3D Modeling Standards: Object Names

by Michele Bousquet

When I talk to TurboSquid customers, one subject comes up over and over:  default object names.  Having logical object names for each part of a 3D model makes a big difference in customer satisfaction.  A customer who’s just purchased a bucket load of 3D models isn’t going to be happy about having to pick through each model and figure out what everything is.

The stuff of customer nightmares

Intelligent object names matter especially to customers when:

  • The model has a lot of individual parts
  • The customer merges the 3D model into a scene with many other objects, which is what customers are likely to do with a 3D model made up of just a few objects

While it’s important for 3D models with lots of parts, it’s also important for models with just a few parts.  Hmmm … call me crazy, but this seems to cover just about every 3D model out there.

Both 3ds Max and Maya have automatic renaming tools that make bulk renaming quick and easy, but only if you already know what you’re working with.  If the model is unfamiliar, this can take a long time.  We’re talking about 15 minutes of your time versus an hour or two of customer time per model.  This is the main reason customers find this problem so frustrating. They buy stock 3D to save time, but then inattention by the original artist ends up costing them time.

Still not convinced? Listen to what one of our customers has to say about default object names.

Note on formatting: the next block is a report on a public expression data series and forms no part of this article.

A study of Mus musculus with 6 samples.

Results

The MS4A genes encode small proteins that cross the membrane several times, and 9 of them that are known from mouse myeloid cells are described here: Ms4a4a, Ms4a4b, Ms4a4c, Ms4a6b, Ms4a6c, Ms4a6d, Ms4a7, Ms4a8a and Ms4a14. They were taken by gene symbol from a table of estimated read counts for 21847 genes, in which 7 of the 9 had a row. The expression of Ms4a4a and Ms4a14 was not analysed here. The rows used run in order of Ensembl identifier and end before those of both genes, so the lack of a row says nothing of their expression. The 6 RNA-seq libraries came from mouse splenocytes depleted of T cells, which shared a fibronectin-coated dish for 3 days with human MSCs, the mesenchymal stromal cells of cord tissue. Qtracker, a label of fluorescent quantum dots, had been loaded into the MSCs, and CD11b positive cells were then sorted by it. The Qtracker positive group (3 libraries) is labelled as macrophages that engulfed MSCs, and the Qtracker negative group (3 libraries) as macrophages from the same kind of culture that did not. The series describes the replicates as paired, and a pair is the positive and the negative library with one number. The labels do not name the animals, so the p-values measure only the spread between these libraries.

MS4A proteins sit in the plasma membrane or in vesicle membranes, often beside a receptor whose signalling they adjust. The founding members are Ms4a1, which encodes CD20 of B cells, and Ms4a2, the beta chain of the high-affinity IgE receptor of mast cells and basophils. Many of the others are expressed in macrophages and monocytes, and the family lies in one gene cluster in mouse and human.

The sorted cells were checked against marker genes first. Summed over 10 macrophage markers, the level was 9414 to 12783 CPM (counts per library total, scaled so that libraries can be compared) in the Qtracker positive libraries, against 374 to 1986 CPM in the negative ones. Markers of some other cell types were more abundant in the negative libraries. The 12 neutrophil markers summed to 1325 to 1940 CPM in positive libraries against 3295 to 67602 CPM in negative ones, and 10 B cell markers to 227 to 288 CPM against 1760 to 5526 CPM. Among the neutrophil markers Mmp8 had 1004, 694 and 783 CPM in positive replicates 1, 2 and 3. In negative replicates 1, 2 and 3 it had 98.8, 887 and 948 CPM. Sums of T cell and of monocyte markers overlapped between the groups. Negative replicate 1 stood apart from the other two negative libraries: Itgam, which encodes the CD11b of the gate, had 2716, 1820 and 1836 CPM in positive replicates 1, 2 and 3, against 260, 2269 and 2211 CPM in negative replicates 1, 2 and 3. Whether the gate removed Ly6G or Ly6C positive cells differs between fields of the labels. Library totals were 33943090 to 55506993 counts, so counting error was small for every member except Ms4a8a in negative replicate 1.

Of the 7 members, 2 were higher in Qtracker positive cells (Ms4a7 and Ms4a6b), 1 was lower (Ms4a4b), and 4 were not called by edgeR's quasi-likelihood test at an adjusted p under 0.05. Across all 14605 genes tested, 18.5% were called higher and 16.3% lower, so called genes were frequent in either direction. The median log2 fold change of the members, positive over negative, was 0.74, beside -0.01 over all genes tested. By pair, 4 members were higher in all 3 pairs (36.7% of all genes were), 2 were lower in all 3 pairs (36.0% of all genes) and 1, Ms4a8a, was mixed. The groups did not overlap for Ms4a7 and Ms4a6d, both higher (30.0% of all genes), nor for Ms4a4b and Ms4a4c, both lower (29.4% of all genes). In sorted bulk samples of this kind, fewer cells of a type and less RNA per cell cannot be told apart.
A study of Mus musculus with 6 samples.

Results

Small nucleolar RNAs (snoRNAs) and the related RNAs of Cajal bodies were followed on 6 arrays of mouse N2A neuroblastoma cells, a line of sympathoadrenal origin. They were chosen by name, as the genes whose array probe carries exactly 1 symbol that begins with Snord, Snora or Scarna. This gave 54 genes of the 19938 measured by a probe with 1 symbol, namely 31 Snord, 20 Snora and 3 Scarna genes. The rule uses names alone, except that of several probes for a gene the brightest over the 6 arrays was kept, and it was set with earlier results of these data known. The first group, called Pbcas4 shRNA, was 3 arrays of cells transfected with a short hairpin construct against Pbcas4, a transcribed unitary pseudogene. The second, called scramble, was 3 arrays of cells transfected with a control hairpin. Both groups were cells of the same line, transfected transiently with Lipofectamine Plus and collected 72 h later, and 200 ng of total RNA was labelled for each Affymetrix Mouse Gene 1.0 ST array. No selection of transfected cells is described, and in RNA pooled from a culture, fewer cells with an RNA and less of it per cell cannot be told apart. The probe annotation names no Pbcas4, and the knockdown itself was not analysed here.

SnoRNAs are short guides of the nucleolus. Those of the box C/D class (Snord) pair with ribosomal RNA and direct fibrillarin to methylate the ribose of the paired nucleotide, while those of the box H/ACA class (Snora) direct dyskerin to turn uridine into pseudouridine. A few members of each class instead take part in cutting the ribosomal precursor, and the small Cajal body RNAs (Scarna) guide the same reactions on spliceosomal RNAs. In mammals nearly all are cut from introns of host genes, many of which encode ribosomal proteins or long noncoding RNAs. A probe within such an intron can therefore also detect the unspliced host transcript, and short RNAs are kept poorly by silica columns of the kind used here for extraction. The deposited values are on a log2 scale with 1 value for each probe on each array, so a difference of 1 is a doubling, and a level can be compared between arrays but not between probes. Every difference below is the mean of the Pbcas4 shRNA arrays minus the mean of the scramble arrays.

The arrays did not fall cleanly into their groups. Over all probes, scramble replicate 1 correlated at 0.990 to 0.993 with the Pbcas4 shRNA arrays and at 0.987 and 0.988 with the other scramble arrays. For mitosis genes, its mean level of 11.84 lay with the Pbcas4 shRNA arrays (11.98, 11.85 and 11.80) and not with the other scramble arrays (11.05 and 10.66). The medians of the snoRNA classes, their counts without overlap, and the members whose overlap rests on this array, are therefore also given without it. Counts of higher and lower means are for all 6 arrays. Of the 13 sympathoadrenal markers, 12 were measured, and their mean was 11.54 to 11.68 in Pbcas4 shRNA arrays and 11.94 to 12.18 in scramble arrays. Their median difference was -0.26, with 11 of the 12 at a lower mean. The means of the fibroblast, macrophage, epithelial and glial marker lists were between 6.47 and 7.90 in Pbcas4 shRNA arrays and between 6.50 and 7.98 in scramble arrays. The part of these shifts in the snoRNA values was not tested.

The message is clear: If you want to deliver a professional product and charge a professional price, name your objects. It’s a small thing that makes a big difference. If it doesn’t matter to you, you can skip it — but it’s hard to imagine why anyone wouldn’t want to take advantage of such an easy way to improve their models.

One more thing: If you have taken the time to name your objects, be sure to mention that in your Product Description. All other things being equal, this professional touch can give you a definite edge in sales.


7 Responses to “3D Modeling Standards: Object Names”

  1. Steve in AR says:

    Absolutely!! Naming objects is a must. Unfortunately, only a small percentage of artists do it (in my experiences).

  2. KeithC says:

    I concur with the message from the buyer above. If you have a scene (such as a city), name each object; and give it a name that makes sense as to it’s orientation in the scene. If you have a car model (for example), name the parts correctly: tire 1, 2, 3 and 4 should become front_driverside_tire, front_passengerside_tire, rear_driverside_tire, rear_passangerside_tire. As well as front_windshield, rear_windshield, etc….etc.

    A watch could have hour_dial, second_dial, minute_dial, top_band, lower_band…and so on. It will also help you stay organized both in the build, and if you have to go back and tweak/make changes to it.

    Good blog subject.


  3. trimitek says:

    Yes indeed.
    I always logically name all of the parts of my models and for the more complex ones I also group some of them in appropriate groups (if needed).
    In the end I also group all of the parts of the model so the client can easily manipulate it as one object when he imports it in his scene.

  4. Plutonius says:

    Certainly an easy thing to do, not sure why some folks don’t bother doing it though.

  5. Connor Ross says:

    I Always name my objects, and upload a screenshot like in my iPhone model. It becomes OCD lol

  6. Kupfer says:

    You can even combine the objects into groups, so it will be less difficulty with the names of objects

  7. Jamie says:

    I always name my objects as I came from a production environment where missing names was enough to make one pull out his hair! Unfortunately the object names are often mangled by some import/export processes.

    It’s usually not a problem if you are going from Program A to Program A, instead of from Program A to Format C and back into Program B.